A bright, young graduate joined the Internal Revenue Service.

A bright, young graduate joined the Internal Revenue Service. Anxious for his first investigation he was a bit perturbed when he was assigned to audit a Rabbi. Looking over the books and taxes was pretty straightforward and the Rabbi was clearly very frugal, so he thought he’d make his day interesting by having a little fun with the Rabbi. “Rabbi,” he said, “I noticed that you buy a lot of candles.” “Yes,” answered the Rabbi. “Well, Rabbi, what do you do with the candle drippings?” he asked. “A good question,” noted the Rabbi. “We actually save them up, and when we have enough we send them back to the candle maker. And every now and then, they send us a free box of candles.” “Oh,” replied the auditor, somewhat disappointed that his unusual question actually had a practical answer. So he thought he’d go on, in the traditional obnoxious way… “Rabbi, what about all these cookie purchases? What do you do with the crumbs from the cookies?” “Ah, yes,” replied the Rabbi calmly, “we actually collect up all the crumbs from the cookies and when we have enough we send them in a box back to the manufacturer. Every now and then, they send a box of cookies.” “Oh,” replied the auditor, thinking hard how to fluster the Rabbi. “Well, Rabbi,” he went on, “what do you do with all the foreskins from the circumcisions?” “Yes, here too, we do not waste,” answered the Rabbi. “What we do is save up all the foreskins and when we have enough we actually send them to the IRS.” “The IRS?” asked the auditor in disbelief. “Ah, yes,” replied the Rabbi, “the IRS. And about once a year they send us a little dick like you.”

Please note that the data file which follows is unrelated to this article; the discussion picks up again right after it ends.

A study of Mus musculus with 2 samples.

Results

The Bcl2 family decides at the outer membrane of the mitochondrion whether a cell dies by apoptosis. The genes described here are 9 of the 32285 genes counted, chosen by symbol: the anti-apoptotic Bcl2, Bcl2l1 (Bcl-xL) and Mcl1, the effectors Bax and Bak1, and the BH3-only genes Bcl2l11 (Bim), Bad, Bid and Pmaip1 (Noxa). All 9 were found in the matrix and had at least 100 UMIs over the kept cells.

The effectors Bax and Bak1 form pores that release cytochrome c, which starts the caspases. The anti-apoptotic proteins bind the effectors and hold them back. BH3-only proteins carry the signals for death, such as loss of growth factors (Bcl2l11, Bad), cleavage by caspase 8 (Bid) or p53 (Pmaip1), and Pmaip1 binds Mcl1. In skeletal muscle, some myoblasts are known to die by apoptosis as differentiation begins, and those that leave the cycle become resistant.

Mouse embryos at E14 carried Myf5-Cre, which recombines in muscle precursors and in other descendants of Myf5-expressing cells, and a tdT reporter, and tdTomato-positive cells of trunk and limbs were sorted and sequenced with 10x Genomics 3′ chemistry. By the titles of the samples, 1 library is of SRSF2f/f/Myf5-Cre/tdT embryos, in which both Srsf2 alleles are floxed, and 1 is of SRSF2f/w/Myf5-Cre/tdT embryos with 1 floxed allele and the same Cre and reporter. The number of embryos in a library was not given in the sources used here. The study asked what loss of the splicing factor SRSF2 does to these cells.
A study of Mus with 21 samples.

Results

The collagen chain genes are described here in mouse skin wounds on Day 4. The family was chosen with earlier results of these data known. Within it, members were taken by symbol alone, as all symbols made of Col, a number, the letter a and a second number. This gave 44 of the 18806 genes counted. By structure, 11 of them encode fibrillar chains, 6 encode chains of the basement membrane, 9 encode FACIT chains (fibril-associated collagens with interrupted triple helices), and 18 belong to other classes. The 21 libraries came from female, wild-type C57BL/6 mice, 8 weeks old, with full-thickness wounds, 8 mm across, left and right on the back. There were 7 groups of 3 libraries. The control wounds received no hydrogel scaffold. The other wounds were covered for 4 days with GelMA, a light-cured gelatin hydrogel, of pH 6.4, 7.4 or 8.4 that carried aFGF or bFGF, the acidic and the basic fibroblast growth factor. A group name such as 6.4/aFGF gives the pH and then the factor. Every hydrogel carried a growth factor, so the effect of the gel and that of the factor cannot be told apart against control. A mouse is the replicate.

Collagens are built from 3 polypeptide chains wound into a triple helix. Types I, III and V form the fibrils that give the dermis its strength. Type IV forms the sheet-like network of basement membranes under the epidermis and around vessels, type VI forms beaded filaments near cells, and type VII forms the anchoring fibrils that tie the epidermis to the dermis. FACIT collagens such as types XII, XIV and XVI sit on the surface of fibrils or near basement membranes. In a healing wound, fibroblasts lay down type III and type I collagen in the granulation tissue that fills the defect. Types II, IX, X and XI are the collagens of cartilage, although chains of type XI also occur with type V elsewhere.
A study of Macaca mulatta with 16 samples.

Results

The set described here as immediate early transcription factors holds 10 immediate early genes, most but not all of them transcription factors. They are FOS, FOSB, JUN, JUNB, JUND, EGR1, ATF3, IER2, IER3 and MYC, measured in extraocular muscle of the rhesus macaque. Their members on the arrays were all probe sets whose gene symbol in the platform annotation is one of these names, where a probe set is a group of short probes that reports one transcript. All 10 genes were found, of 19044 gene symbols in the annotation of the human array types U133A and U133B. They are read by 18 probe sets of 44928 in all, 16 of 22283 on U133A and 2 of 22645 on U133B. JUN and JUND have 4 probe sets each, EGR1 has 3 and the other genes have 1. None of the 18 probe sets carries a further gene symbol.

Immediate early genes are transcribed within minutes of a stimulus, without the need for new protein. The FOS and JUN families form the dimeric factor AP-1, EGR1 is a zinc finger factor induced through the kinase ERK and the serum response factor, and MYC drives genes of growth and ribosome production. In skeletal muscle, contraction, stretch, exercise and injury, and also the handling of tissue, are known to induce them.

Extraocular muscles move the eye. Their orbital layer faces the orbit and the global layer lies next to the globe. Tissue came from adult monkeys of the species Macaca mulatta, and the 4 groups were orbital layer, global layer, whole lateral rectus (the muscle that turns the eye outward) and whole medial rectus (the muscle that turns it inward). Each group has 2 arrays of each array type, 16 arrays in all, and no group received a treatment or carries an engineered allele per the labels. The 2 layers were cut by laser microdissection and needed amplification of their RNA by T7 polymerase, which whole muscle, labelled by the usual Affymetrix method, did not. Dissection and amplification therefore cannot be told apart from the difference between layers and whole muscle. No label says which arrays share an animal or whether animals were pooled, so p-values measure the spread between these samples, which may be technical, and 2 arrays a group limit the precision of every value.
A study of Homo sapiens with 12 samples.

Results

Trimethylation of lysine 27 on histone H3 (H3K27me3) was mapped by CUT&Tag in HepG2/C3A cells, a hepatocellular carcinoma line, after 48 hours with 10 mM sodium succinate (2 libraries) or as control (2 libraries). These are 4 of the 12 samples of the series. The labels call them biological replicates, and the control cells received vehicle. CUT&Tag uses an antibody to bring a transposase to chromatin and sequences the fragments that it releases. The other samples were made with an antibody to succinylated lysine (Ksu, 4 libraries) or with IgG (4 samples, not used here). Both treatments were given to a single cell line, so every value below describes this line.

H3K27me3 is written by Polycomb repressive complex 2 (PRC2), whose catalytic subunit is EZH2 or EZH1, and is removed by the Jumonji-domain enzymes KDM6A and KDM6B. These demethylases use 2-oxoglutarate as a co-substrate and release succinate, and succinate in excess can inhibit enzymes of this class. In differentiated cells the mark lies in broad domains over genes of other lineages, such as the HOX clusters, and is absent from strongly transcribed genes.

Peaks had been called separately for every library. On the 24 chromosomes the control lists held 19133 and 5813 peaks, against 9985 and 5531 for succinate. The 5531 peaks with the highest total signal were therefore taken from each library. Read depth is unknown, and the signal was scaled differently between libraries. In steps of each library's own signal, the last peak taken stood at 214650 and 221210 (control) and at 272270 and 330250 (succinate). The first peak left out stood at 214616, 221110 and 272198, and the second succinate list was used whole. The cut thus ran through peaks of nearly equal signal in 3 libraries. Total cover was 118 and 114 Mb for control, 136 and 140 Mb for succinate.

I’ve usually seen this with “they send us a schmuck like you” as the punchline, since “schmuck” means “penis” in Yiddish and then “idiot” or “jerk” in English.


I laughed at this joke a few days ago, but your execution is exceptional. Good job!


The mohel didn’t charge a fee, he only took tips. So long as we are all adding oldies


Auditor: “Who are you calling little?”